This guide was created as an overview of the Linux Operating System, geared toward new users as an exploration tour and getting started guide, with exercises at the end of each chapter.
For more advanced trainees it can be a desktop reference, and a collection of the base knowledge needed to proceed with system and network administration. This book contains many real life examples derived from the author's experience as a Linux system and network administrator, trainer and consultant. They hope these examples will help you to get a better understanding of the Linux system and that you feel encouraged to try out things on your own.
Click Here to receive this Complete Guide absolutely free.
By jeremy at 2007-08-05 21:21
Remote Administration with DSH
Previous "Tech Support" columns introduced both Perlbal and Pound, two packages to load balance traffic across multiple machines. Dividing load among several servers provides better performance and increased reliability. However, more machines translates to more tedium. Previously simple actions - such as restarting a service - becomes complex.
There are multiple solutions to managing a collection of machines. One common solution is to write a custom script for each task. A more innovative solution is dsh, the "distributed shell." dsh is a wrapper implementation to execute remote shell commands on multiple machines. dsh abstracts the problem of multiple machines and offers a general solution.
dsh is provided under the terms of the GNU Public License and can be downloaded from the dsh home page at http://www.netfort.gr.jp/~dancer/software/dsh.html.en. Before you install, download, build, and install libdshconfig, which is also available from the dsh home page.
To build and install dsh, run the standard commands:
$ sudo make install
dsh has three system-wide configuration files, and you can extend those with personal settings.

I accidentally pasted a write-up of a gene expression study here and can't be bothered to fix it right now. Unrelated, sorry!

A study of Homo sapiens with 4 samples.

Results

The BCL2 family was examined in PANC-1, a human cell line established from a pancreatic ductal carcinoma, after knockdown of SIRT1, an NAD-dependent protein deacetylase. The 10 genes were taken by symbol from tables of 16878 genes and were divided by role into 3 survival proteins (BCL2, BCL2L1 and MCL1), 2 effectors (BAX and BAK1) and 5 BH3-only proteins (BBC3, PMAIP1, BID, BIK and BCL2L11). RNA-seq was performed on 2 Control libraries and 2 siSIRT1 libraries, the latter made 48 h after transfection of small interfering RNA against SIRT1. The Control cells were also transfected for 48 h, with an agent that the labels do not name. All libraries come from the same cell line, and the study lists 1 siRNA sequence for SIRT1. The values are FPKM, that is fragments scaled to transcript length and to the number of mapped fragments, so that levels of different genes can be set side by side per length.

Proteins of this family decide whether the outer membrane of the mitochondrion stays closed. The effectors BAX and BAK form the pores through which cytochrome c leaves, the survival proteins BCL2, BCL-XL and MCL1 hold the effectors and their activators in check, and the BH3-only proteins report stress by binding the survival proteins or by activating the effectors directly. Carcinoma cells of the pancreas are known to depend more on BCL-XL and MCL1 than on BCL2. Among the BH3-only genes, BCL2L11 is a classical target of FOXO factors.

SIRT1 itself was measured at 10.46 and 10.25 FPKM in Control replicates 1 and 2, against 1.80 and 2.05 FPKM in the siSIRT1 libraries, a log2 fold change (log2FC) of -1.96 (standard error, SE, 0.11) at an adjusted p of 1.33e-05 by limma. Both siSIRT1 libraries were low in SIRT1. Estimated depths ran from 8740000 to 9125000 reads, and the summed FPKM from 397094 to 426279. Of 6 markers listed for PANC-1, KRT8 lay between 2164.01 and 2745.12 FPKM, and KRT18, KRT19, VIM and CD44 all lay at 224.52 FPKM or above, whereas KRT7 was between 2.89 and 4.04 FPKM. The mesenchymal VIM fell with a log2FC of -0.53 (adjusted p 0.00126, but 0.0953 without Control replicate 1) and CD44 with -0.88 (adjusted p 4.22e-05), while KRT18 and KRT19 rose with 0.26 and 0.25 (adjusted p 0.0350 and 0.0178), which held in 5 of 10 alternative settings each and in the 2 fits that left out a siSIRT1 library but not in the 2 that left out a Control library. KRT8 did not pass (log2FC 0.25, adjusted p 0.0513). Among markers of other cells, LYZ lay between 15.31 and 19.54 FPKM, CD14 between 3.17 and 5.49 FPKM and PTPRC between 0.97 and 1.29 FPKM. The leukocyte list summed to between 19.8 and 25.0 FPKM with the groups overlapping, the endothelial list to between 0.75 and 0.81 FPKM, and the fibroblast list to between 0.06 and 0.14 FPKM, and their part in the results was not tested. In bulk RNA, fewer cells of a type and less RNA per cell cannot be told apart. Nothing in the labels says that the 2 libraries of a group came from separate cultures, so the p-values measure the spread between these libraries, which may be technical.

*/usr/local/etc/machines.list and $HOME/.dsh/machines.list enumerate the machines to operate upon if the -a ("all machines") option is specified.
*/usr/local/etc/group/groupname and $HOME/.dsh/group/ groupname define the group named groupname. To operate on a group of machines, specify -g groupname.
*/usr/local/etc/dsh.conf and $HOME/.dsh/dsh.conf set parameters for dsh.
man dsh.conf describes all of the available configuration options. Both the machines.list and the dsh group files are a list of machines, one machine name per line.
For the best security, always set remoteshell=ssh and ensure that SSH keys provide ready and automatic access between all of the machines. Depending on your environment, the remoteshellopt option can also be extremely useful. You can use remoteshellopt to specify an alternate port number if your machines do not run SSH on port 22.
You’re now ready to use dsh. To get the output of the w command from all of the machines listed in machines.list, run:
$ dsh -a w
If you'd like the name of the machine prepended to the output, add the -M option, as in dsh -M -a w.
While it should immediately be clear how useful dsh can be in a distributed environment, the machine group feature really increases the utility's flexibility. You can create a distinct group for your Web cluster, another for your database cluster, and yet another for your compute servers. Machines can be grouped arbitrarily to let you execute commands on a subset of your infrastructure.
For example, if you create a Web group, you can restart Apache on all machines with:
$ sudo dsh -g web '/usr/local/apache/bin/apachectl restart'
You can execute commands in a more ad-hoc fashion with -m (lowercase). For instance, the next command runs last on the machines test1 and production1:
$ dsh -m test1 -m production1 last
You can even point dsh to an arbitrary file with a list of machines names with the -f flag. As you can see, while dsh is very simplistic, it was built with flexibility in mind.
Finally, if you're concerned about overwhelming your machinery with commands or want to progress more slowly, try -F to limit the number of concurrent commands. In most cases, you can ignore such a governor, but if you use dsh on a huge number of machines, it's a good idea to set the limit somewhere between 100 and 200.
dsh is a simple mechanism to execute the same command on any number of remote machines. Its group feature makes it flexible enough for almost any environment.